The Early Days
Corvallis, Ore., 1946. While observing a group of boys playing basketball, the late-Past National President Frank Hise noticed that the smaller kids had a hard time keeping up with the others. To level this imbalance, he organized a free-throw contest where every kid could participate. On that day, the Elks Hoop Shoot was born. But, it wasn’t until 1972 that the program held its first national finals in Kansas City, Mo.
1974 was big year for the program. The Elks National Foundation started funding the program. Gerald (Getty) Powell was named as the program’s first national director. One of his first orders of business was to allow girls to fully compete in the contest. #GirlsAllowed
In 1975, the Basketball Hall of Fame in Springfield, Mass., offered the program the opportunity to display a plaque inscribed with the names of all the national champions. The plaque has been displayed there ever since. In 1979, Powell retired and Emile Brady became the second national director of the program. In 1980, the national finals moved to Indianapolis. They remained in Indy through 1995, except for 1991, when they were held in Springfield in conjunction with the Hall of Fame’s celebration of basketball’s centennial. In 1996, the finals moved back to Springfield, where they remained until 2015. Starting in 2016, the Hoop Shoot National Finals will be held in Chicago—the home of the Elks. In 1997, Cam Cronk took over as national director. In 2012, Cam and his wife Linda hung up their jerseys. Since 2012, the Elks National Foundation both funds and runs the program.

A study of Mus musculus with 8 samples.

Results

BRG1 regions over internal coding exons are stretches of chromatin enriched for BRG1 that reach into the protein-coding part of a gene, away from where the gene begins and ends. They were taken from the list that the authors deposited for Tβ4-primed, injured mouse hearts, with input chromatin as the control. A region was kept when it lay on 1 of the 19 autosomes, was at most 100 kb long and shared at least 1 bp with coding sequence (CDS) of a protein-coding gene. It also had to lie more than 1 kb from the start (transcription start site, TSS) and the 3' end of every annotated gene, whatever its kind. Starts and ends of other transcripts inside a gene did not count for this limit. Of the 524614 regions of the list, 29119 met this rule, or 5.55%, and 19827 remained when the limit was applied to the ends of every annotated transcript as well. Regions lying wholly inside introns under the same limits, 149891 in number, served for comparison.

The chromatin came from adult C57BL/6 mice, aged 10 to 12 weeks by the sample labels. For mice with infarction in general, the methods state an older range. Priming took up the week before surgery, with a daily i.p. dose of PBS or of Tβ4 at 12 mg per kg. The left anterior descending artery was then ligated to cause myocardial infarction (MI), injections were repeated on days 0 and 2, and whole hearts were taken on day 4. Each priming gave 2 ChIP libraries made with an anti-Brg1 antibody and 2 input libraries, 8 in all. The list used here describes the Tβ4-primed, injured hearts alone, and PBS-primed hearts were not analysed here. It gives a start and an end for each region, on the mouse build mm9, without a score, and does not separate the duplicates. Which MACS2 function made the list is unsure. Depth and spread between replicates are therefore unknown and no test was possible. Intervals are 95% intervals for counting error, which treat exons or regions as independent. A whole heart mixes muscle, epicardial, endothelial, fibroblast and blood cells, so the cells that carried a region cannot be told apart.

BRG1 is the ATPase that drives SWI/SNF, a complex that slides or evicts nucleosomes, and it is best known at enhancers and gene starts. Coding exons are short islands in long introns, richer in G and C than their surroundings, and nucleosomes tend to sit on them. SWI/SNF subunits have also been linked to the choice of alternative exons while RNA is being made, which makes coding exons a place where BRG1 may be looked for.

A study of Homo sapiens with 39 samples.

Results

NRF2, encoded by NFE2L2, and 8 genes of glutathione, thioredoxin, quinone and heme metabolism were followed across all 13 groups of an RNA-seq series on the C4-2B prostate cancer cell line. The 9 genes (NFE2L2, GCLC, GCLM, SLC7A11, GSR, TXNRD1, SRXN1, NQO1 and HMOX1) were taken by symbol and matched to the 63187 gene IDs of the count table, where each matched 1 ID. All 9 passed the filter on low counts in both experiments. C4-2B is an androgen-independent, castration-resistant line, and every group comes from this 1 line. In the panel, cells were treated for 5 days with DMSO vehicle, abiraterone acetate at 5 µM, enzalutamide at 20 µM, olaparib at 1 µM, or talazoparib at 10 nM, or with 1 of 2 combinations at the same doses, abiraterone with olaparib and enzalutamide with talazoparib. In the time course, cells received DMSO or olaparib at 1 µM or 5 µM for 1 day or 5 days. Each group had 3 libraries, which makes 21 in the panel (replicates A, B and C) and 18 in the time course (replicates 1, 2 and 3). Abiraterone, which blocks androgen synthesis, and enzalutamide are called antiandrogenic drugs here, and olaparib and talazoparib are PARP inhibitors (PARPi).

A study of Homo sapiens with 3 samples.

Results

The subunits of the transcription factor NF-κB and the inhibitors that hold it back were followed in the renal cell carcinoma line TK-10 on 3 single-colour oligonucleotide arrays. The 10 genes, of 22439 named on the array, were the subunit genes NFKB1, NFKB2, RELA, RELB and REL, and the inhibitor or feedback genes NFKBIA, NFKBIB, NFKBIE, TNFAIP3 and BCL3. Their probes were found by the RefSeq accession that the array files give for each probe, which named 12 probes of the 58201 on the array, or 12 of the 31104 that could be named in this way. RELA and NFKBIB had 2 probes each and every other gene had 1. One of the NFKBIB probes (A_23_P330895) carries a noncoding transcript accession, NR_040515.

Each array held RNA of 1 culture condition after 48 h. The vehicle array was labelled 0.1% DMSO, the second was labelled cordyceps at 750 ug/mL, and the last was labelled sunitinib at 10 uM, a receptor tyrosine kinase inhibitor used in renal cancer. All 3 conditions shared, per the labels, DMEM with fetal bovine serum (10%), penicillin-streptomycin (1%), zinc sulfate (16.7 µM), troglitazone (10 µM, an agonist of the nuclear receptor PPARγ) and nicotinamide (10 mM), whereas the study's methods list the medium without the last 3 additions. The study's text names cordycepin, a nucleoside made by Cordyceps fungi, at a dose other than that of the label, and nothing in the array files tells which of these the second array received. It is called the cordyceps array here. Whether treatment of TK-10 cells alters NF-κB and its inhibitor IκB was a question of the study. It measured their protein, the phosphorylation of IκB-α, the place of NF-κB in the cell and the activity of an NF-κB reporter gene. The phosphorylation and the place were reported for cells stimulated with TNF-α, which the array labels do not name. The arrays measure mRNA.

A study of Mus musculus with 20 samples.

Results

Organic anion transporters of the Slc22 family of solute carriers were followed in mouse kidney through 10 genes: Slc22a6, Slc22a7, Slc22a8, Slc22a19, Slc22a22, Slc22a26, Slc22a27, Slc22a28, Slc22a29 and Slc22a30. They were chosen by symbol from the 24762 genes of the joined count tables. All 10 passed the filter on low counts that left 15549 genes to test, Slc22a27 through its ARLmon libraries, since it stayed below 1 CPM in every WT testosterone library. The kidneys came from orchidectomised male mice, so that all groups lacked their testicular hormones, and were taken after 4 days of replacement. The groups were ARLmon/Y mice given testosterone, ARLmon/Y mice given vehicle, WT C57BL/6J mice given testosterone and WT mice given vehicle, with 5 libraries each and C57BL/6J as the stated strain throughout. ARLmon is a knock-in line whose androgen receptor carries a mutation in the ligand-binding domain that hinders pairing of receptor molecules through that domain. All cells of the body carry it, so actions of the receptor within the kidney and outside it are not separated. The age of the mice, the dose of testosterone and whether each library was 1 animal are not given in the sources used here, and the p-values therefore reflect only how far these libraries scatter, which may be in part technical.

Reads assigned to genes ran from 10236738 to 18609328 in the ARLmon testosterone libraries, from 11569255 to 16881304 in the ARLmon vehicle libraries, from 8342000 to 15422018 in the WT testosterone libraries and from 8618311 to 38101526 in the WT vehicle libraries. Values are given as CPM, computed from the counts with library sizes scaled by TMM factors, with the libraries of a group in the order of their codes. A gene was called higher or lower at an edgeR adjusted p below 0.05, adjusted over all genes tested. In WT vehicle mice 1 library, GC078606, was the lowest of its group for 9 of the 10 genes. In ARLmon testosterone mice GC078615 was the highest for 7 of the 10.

The grit movement in education started a few years ago when psychologist Angela Duckworth studied people in various challenging situations, including National Spelling Bee participants, rookie teachers in tough neighborhoods, and West Point cadets. Her research suggested that grit was a more accurate predictor of success than social intelligence, good looks, physical health, or IQ. Grit is the will to persevere in the face of long odds. But, the important thing is that this characteristic that researchers and experts have concluded is so important for our children—our Hoop Shoot program develops it and reinforces it—for more than 40 years now. Participants in the Hoop Shoot develop grit by setting goals, working hard to achieve them, failing and bouncing back to try again and work even harder the next year. In 2015, we debuted a six part series featuring videos of a few finalists and their parents telling stories of hard work and determination and of perseverance in response to failure and of setting goals, falling short and getting back up and doing it again. It turns out while we were immersed in running the Hoop Shoot, its outcomes had become the Holy Grail of youth programming.